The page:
I have heard that in the majority of cases failure is mainly caused by tensioners that have reached the end of their life and cause the belt to jump off.
Her indoors has 52 reg 2.0 16v auto Scenic and I have a 2001 1.4 16v Scenic. The engines are virtually identical but valves and pistons are different sizes and the 2.0 doesn't have a throttle cable.
I was driving the 2.0 18 months ago when one of the plastic cam belt rollers decided to part company with it's bearing the belt got pretty chewed up but didn't break! When I took the cylinder head off I found most of the valves were bent but caused very little other damage. The car had done 55,000 but at 7 years old was 2 years over the belt time service interval but within the 71,000 mileage service interval.
back in February armed with the knowledge gained with the above repair I bought a cheap 1.4 Scenic the belt had snapped in 2 most of the valves were also bent all rollers seemed okay though I replaced them anyway. The car had done 66,000 but at 9 years old was 4 years over due a cam belt change.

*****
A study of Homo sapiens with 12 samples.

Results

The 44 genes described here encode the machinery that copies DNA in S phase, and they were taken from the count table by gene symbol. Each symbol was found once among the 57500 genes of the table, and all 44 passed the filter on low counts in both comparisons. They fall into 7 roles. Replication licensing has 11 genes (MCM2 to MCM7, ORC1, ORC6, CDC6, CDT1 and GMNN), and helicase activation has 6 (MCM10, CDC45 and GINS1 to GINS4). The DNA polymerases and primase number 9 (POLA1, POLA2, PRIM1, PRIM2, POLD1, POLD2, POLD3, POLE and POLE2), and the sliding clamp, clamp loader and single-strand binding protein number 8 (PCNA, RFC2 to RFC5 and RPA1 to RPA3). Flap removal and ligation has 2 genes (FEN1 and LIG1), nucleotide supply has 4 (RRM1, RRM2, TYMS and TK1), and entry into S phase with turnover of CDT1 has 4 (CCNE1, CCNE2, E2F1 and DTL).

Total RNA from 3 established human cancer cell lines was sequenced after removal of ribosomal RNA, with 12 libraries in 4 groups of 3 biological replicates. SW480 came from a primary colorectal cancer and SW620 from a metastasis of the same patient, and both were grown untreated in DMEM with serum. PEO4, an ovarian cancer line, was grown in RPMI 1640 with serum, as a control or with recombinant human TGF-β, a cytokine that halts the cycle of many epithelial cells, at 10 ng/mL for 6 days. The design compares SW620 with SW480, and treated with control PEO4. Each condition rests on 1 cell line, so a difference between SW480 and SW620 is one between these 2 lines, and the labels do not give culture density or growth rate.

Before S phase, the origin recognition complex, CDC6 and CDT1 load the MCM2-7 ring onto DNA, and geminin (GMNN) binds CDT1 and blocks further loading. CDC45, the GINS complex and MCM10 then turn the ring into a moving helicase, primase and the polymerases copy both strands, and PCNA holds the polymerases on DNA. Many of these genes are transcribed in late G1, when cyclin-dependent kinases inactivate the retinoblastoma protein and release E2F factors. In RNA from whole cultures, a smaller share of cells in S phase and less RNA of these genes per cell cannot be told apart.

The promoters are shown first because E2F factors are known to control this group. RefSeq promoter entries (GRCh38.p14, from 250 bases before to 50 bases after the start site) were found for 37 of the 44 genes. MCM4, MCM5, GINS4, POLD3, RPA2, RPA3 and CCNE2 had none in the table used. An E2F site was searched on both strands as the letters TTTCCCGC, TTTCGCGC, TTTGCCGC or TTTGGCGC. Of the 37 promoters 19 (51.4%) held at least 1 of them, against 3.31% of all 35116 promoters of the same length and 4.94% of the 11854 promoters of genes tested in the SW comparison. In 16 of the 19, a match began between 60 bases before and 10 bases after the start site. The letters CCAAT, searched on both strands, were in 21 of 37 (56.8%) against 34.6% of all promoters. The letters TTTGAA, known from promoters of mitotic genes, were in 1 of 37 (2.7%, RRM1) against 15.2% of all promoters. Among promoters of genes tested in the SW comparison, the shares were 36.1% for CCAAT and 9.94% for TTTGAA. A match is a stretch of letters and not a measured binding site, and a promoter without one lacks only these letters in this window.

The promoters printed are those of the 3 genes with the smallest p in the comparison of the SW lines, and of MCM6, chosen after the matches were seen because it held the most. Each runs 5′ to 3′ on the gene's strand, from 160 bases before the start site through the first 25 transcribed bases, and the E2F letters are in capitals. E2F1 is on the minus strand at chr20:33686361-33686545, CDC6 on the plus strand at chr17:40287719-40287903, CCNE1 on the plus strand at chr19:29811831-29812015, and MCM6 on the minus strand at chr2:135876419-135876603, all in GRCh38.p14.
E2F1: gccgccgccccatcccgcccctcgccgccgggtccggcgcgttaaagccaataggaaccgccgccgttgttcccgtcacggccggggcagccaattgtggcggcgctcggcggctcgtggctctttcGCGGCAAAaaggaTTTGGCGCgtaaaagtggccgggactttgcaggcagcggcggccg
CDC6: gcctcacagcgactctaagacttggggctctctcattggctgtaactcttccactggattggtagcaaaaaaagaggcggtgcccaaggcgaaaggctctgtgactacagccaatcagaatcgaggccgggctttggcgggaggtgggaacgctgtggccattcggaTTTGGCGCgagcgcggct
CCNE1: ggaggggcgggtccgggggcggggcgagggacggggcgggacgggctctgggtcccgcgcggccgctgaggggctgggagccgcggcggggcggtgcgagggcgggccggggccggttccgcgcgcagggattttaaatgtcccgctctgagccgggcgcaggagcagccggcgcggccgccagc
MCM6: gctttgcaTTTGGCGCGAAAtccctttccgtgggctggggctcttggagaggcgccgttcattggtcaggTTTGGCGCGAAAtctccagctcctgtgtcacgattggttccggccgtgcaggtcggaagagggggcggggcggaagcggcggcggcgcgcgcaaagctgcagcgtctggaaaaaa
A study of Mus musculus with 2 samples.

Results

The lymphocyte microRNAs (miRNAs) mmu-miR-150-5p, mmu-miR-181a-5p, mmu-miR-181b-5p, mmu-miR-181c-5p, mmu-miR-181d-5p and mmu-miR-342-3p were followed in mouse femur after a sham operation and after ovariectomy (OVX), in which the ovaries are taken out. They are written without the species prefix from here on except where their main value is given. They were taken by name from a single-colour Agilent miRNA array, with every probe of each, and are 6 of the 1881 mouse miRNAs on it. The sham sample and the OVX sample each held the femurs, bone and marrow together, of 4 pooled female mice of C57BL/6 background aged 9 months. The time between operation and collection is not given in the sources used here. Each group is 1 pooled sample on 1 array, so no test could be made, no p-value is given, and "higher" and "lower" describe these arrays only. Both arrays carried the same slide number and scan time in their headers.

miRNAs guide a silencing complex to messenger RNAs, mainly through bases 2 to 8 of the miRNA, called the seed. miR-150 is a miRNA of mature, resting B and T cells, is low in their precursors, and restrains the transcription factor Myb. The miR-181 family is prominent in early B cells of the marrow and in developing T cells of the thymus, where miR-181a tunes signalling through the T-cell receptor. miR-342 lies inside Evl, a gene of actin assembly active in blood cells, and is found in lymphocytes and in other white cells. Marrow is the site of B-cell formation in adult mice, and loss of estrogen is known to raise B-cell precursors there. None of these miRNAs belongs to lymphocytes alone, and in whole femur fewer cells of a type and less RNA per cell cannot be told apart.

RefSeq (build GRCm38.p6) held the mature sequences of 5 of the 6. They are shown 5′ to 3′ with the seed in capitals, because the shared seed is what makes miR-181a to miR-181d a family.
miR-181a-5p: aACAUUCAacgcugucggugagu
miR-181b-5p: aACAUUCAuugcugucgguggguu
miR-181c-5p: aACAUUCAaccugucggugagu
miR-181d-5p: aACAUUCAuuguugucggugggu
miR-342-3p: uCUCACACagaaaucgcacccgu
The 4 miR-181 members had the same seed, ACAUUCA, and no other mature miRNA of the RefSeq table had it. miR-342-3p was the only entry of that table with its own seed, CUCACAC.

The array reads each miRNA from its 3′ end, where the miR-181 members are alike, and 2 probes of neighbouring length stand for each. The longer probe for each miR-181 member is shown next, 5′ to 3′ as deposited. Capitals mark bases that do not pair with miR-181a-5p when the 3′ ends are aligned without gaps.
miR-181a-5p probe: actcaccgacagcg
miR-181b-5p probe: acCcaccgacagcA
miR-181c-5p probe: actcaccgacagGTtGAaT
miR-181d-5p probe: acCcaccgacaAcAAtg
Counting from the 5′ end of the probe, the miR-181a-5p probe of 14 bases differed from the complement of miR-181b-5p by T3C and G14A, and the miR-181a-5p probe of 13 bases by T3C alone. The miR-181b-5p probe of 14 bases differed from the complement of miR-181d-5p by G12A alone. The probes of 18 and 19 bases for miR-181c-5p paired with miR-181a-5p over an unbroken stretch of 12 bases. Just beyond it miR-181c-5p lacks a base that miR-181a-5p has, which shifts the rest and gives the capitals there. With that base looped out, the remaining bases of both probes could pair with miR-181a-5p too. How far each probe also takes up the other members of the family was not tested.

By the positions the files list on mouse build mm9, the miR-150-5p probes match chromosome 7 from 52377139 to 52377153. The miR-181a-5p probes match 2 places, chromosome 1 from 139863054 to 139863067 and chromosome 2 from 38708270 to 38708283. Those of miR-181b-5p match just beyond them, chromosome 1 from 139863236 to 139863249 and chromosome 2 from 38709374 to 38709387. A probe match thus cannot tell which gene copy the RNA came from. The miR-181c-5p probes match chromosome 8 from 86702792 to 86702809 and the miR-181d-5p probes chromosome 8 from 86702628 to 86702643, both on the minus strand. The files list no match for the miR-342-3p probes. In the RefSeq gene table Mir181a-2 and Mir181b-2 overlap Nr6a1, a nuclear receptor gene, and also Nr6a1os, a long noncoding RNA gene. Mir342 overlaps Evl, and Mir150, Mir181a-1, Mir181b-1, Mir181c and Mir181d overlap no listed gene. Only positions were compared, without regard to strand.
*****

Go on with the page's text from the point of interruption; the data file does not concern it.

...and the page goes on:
On my scenic, the belt and tensioner were replaced at 53k miles then again at 90k. Car now has 114k on clock.
Yes I think you were wise I think that the Renault service intervals are rather optimistic and from what I have read a sales ploy to give the impression of low service costs.
I would not touch anything with the variable valve timing though in later cars.
The 1.4 is pretty gutless compared to the 2.0 which has a dephaser pulley but I don't think having variable inlet timing on the 2.0 makes a lot of difference? Though if it ever starts to rattle I think I will replace it with a normal pulley.
We have now done around 2000 miles in the 1.4 and 5000 in the 2.0 with no problems other than I have noticed both engines seem to use a lot of
? around 1 litre per 1000 miles? thought that apparently is considered to be within normal limits?